Face Mask and other PPE Sewing Resources

We hope you will find this information useful as the COVID-19 crisis continues. Please note this post is dated April 30, 2020. We will update as often as we can, but safety and health recommendations have been constantly changing throughout this pandemic, so we cannot guarantee that all of the information below is correct. If you have a question or notice that anything in particular seems out of date or incorrect, please contact us at dcmodquilts AT gmail DOT com.

Some patterns our members have used:

  • MADE Everyday comes recommended as an easy pleated pattern in several different sizes; we've linked to the one with knit fabric ties.
  • Sweet Red Poppy has a fitted pattern similar to Craft Passion's. You can also find a pleated pattern on her site.
  • Deaconess is a health network with its own mask pattern and has options for both elastic and fabric ties.
  • Johns Hopkins approved mask -- some sewists found this one tedious, but this is the only pattern that Hopkins will accept for its employees; does not use elastic. Suburban and Sibley hospitals are Hopkins affiliates and are also collecting this type of mask.
  • Craft Passion's pattern comes in different sizes and is recommended by DCMQG alumna and Navy nurse Meli Mathis.
  • Missouri Star Quilt Company has two very simple patterns, one with elastic and one with fabric ties, that are good for personal use
  • Fancy Tiger Crafts has its own mask pattern plus a long list of great resources and tutorials.
  • Your own design! If working from patterns, it may take a couple attempts to find a mask you like. If you're just sewing them for personal use, the fit is the most important thing, so play around with different patterns and don't be afraid to make your own version. (Really, if bandannas are now considered adequate, anything you make at home will be just as good or better.)
  • Sew Very Easy's scrub cap tutorial lives up to its name, and luckily the video is fairly short!
  • Lea Goes Green has updated her scrub cap tutorial, which Capital Caring hospice network recommended to us.
  • Rob Appell has a scrub cap pattern that doesn't require elastic. This scrub cap is also a skull cap for bikers; do with that what you will.
  • Doodabug has a free printable bouffant pattern (similar to scrub caps but usually with elastic all around to hold up long hair).

Some groups that have requested PPE:
  • Bread for the City provides food delivery, COVID testing, and many other services to low-income area residents. They are in need of masks and scrub caps, which can be mailed or dropped off to: Volunteer & In-Kind Manager, Bread for the City, 1525 7th Street NW, Washington, DC  20001
  • Let's Breathe is a new nonprofit created specifically to address area PPE shortages, founded by a brother and sister who are affiliated with Falls Church Episcopal. Learn more here.
  • United Planning Organization needs about 100 masks for workers who provide care to the homeless through transport to shelters, addiction treatment, and assistance with enrolling in government services. It seems they will accept any pattern. DCMQG member Barbara Haupt is on the board of their affiliate organization, UPO Inspire. Masks can be sent directly to the organization at UPO, Attn: Andrea Thomas, 301 Rhode Island Ave, NW, Washington, DC 20001.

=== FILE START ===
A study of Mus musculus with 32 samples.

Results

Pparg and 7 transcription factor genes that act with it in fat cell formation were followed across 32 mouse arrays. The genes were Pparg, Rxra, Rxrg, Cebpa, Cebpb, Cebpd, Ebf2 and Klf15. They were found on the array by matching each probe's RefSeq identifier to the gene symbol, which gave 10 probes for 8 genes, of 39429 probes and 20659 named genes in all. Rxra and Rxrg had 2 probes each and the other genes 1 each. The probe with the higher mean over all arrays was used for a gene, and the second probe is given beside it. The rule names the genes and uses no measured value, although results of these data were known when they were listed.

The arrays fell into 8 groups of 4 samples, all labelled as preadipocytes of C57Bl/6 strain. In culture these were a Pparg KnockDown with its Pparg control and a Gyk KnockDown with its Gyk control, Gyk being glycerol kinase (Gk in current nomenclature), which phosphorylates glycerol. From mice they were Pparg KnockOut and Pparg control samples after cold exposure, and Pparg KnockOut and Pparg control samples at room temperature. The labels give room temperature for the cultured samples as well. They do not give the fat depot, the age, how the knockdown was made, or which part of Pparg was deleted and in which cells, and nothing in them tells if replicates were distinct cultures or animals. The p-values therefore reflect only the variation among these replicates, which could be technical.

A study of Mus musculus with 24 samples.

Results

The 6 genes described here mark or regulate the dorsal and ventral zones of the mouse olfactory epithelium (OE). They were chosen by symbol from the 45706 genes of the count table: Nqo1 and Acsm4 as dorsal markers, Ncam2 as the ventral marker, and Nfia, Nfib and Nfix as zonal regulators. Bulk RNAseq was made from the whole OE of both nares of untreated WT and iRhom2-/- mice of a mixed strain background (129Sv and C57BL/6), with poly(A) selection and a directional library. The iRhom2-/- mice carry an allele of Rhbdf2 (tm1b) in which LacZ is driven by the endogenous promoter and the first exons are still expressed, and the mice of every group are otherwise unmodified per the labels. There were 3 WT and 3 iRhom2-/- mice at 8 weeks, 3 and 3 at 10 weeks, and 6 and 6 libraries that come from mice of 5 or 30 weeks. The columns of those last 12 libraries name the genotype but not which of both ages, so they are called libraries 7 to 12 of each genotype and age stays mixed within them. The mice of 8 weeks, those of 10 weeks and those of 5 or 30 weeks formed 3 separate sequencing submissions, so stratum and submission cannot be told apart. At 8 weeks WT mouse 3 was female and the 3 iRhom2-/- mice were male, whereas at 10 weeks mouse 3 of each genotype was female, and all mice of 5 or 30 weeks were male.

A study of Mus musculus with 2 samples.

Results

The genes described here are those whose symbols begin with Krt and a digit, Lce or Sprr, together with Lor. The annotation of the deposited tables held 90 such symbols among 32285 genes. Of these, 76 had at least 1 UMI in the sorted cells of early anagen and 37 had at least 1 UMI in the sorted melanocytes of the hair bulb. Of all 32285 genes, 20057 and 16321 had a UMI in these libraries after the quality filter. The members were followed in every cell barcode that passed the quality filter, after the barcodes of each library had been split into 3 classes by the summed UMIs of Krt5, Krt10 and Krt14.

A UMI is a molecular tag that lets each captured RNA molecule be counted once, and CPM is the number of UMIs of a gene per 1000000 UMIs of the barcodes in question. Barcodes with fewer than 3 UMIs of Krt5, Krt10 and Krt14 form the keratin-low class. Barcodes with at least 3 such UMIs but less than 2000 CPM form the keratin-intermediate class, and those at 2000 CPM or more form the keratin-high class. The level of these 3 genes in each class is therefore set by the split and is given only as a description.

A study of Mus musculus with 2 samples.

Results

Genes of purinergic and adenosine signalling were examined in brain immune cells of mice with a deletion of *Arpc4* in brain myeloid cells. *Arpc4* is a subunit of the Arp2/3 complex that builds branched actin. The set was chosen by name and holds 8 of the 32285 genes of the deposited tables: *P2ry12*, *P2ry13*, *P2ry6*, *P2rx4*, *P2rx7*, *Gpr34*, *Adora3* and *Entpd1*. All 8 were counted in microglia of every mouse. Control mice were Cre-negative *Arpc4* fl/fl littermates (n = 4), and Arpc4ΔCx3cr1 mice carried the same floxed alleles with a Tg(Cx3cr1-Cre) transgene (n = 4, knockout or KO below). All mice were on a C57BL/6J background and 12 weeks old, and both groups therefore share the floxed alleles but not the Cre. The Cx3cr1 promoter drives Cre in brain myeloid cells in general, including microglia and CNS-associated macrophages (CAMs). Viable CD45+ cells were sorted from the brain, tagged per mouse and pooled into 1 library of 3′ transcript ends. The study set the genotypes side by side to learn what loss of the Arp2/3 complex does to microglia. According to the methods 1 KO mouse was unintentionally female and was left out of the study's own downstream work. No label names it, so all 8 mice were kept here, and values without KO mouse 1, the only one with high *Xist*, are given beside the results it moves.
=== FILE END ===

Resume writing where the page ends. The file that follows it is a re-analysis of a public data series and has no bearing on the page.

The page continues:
• Calvary Women's Services is a local women's shelter in need of 100 masks, and will accept any pattern. DCMQG member Cassandra McKee is a former board member; contact us for information on where to send donations.
  • Capital Caring is a local hospice network we are working with to donate sensory quilts and also help them with their most urgent request, scrub caps. Contact us for information on where to send donations, and use the tutorial here.
  • Sinai Hospital in Baltimore, MD is in need of both scrub caps and bouffants (usually for workers with longer hair to put their hair up). You can use the same tutorial we linked before for scrub caps, or this free pattern for bouffants. (Note: these patterns both require small amounts of elastic.) Contact us for information on how to donate.

Some local craft businesses that are collecting and distributing masks:
  • Three Little Birds has been doing an incredible job educating, collecting, and distributing. They are accepting mask donations outside their store every day from 12-4pm. Click here for more information.
  • Domesti{city} in Baltimore has set an ambitious goal of donating 50,000 masks to Johns Hopkins, for those making the Hopkins mask. If you're following a different pattern, they're also collecting thousands of other masks for first responders and other groups that need them. Click here for more information. 

Some instructions you may want to include when sending masks to friends and family:
  • Wash after every use.
  • When in public, do not keep taking the mask off and putting it back on.
  • Not for use by anyone under 2 years old.
  • Keep a plastic bag with you for storing the mask after taking it off if you are not laundering immediately; if it's in the bag, don't take it back out and rewear it.
  • If you do not have access to a washing machine at home, handwashing in a bowl or sink with hot water and laundry detergent will work just as well.
  • Keep track of which side of the mask touched your face.
  • Do not wear if it is uncomfortable or needs constant adjustment -- you will end up touching your face, which is counterproductive.
  • This mask may slightly reduce your risk of infection when in public for essential activities, but if it the activity is not essential, STAY HOME!!!!!!

Some alternatives you can offer to those requesting masks if you've hit your limit. Kindly tell them you have too much on your plate and then:
  • Send them a tutorial on how to make masks without a sewing machine.
  • Inform them that many home sewists are selling masks on Etsy.